It is certainly condemnable that some Trump supporters disrupted an event celebrating the Congressional recognition of the Armenian Genocide. It shouldn’t take 100 years to recognize a wrong of historic proportions, but the fact that it did makes the recognition that much more important.
An unfortunate aspect to the saga is that the government of Turkey not only doesn’t accept responsibility for the genocide, they are currently engaging in ethnic cleansing of Kurds in Syria. Even more unfortunate is that President Trump gave them the green light for this. Could that have been in exchange for favorable treatment for Trump Towers Istanbul, from which he profits?
In addition, Trump sought delay of recognition of the Armenian Genocide and publicly denigrated the Kurds when he said during an Oval Office meeting, “They’re not angels.”
I view the Trump supporters’ disruption of the event as consistent with the generally mean-spirited positions Trump holds.
I am writing to protest a Dec. 11 headline, “Brotman forced to return early campaign contributions” and sub-headline (which is the first paragraph in the online article: “Candidate reportedly received incorrect information ...” The narrowly focused headlines smack of an attack on Brotman and make no reference to the real story: the dissemination of inaccurate information by the city clerk’s office and an ordinance lacking sufficient detail.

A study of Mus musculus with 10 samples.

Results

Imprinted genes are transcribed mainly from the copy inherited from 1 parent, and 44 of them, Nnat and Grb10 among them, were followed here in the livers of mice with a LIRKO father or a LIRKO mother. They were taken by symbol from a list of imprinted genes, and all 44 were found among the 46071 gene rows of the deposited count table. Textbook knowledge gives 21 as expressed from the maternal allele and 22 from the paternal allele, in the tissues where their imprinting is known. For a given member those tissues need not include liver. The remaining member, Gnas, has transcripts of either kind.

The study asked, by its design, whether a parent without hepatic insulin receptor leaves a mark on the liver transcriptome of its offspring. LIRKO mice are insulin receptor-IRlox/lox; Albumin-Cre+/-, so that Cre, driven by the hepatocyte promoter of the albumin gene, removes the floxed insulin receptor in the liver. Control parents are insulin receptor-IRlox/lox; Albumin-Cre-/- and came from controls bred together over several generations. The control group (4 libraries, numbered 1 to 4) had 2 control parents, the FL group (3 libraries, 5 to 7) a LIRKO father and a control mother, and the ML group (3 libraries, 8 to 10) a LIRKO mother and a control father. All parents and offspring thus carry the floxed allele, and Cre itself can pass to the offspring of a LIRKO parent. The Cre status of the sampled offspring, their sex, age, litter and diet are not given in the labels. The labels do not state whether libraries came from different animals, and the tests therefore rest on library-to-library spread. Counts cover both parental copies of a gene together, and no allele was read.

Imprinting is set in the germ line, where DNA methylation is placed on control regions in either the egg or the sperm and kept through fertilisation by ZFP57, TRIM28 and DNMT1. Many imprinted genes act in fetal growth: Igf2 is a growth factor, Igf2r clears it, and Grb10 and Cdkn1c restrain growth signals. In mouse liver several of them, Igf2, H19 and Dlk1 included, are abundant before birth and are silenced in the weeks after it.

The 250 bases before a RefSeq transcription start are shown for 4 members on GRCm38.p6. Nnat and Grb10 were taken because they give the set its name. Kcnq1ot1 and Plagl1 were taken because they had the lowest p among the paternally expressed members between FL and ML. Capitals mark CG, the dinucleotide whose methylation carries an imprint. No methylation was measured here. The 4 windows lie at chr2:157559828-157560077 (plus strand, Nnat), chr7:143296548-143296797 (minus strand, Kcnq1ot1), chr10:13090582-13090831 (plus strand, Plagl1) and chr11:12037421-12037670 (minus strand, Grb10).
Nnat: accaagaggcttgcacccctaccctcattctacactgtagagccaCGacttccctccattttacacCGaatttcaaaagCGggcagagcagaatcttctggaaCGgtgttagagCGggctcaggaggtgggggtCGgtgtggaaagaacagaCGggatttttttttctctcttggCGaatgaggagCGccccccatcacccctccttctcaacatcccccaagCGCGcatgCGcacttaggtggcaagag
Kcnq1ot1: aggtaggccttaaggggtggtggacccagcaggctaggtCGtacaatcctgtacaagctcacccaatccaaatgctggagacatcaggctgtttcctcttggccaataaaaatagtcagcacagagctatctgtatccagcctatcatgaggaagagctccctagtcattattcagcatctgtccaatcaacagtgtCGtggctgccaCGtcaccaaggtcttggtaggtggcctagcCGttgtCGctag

The article reports that the city attorney confirmed inaccurate information was given, so use of the word “reportedly” is both puzzling and dismaying.
City Clerk Ardy Kassakhian blaming the candidate for obtaining information from a records manager (in Kassakhian’s office) as akin to asking a restaurant valet about the restaurant menu, is inappropriate. Brotman contacted the city clerk’s office, not the general city switchboard, for election information.
In addition to contacting the city clerk, Brotman also consulted with an outside attorney who advised he could begin accepting donations prior to Sept. 1. (Alignment of local, state and national elections is good — and should combat Glendale’s dismal voter turnout rate — but it has led to confusion.)
The relevant section of the Glendale ordinance (1.10.030, B.) reads: “Campaign contribution limits. A candidate for city council, city clerk or city treasurer, and his or her controlled committee shall not accept any contribution or contributions totaling more than one thousand one hundred dollars ($1,100.00) from any person in a single election cycle.” There is no caveat about donations prior to Sept. 1, or the equivalent.
Please reconsider before again publishing headlines that are so skewed and potentially damaging. (I am a contributor to Brotman’s campaign.)